Friday, February 13, 2009


Give Back The Money?

On February 11th The New York Times (Feb. 11) ran a story suggesting that the boards of foundations that invested money from Madoff and thereby realized ill-gotten gains may have acted imprudently and below the level of fiduciary responsibility to which they are legally bound by failing to properly assess the provenance of Bernie's money. The IRS could (theoretically) step in and demand that the boards make the foundations whole and not to be caught out each of the fifty states could potentially do the same. Oy.

Do the charities to whom these foundations awarded tainted money now have any legal obligation to return those funds? I raised this in my obit on the JEHT Foundation (below) and have been thinking about it since.

So I asked Sarah D. McShea an attorney specializing in legal ethics about it. "I don't think there is any legal duty on the part of recipients to return grant money to foundations that improvidently invested their endowments with Madoff" she said. So legally grantee boards would seem to be off the hook. But as a trustee of three nonprofits, and as a consultant to many others I would advise looking gift horses in the mouth.
  • I don't want charities to be embarrassed.
  • If pledges are involved I don't want charities to be stiffed.
  • In these hard times there seem to be "mini"-Madoffs emerging every day.
A Bullet Dodged

R. Allen Stanford
(Photo: Joe Skipper/Reuters)

Several federal agencies, including the F.B.I. and the I.R.S., have spent recent months looking into the business activities of the Stanford Financial Group, run by R. Allen Stanford. But now federal authorities are investigating whether those rewards were simply too good to be true. Several federal agencies, including the Securities and Exchange Commission, the F.B.I. and the Internal Revenue Service, have spent “many months” looking into the business activities of the Stanford Financial Group, which is based in Houston, and Mr. Stanford’s bank based in Antigua, which issues high-yielding certificates of deposit, according to two individuals briefed on the investigations who were not authorized to speak publicly.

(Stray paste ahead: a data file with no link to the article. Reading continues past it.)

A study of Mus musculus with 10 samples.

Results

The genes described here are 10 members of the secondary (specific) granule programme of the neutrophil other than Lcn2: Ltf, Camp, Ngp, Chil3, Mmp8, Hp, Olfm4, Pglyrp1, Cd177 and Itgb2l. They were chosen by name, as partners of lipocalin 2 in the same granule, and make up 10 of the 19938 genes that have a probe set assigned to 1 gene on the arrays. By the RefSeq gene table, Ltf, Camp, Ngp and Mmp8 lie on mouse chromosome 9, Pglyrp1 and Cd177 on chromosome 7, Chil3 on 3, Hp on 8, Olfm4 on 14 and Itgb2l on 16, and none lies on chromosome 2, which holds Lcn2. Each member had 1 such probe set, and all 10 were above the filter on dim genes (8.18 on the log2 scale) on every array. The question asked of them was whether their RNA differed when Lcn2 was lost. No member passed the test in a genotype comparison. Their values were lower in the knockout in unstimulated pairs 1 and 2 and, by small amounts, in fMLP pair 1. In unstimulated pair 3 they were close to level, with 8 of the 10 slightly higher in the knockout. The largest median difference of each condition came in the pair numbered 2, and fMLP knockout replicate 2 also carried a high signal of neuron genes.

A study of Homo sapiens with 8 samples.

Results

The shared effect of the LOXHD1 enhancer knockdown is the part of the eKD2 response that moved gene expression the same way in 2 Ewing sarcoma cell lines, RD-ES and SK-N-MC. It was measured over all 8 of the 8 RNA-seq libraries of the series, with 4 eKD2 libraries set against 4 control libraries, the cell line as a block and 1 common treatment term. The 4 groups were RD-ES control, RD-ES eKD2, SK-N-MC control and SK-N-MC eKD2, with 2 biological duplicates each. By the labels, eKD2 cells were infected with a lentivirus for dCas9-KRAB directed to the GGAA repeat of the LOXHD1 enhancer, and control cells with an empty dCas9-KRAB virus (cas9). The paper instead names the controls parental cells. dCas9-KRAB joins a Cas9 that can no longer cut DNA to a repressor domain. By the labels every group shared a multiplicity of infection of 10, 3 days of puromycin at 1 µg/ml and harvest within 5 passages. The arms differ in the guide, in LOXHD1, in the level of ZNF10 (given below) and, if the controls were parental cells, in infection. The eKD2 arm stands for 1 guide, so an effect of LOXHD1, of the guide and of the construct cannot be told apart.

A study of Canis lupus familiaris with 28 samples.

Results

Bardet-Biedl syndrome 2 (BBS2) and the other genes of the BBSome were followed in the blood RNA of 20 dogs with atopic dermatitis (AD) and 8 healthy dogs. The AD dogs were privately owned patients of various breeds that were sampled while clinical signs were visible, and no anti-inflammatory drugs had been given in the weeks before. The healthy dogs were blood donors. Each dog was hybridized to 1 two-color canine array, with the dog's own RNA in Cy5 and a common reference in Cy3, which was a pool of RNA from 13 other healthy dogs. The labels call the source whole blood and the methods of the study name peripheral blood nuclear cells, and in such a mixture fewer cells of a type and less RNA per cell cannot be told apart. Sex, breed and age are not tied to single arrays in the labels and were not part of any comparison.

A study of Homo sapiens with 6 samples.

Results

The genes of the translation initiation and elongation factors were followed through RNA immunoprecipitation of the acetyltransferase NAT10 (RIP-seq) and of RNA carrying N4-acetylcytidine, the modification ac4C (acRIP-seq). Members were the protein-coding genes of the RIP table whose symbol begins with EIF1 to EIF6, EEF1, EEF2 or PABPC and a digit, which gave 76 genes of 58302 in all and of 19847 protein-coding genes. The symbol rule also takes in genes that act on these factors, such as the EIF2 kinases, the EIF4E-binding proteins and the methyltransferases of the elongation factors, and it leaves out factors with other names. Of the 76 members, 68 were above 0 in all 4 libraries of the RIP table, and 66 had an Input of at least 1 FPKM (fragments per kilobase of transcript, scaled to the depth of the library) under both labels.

During my time as chairman of Giving USA Foundation a fellow board member began an adagio with executives of Stanford. The quid we offered for their quo was a multi-year full page back cover ad on our jewel publication Giving USA. There was a lot of dither and the expected gift though always imminent never materialized. We could not have known we'd have sold out our brand.

An old Southern preacher was asked if he would accept a gift of tainted money to rebuild his fire-ravaged church. He is said to have replied "... t'aint enough."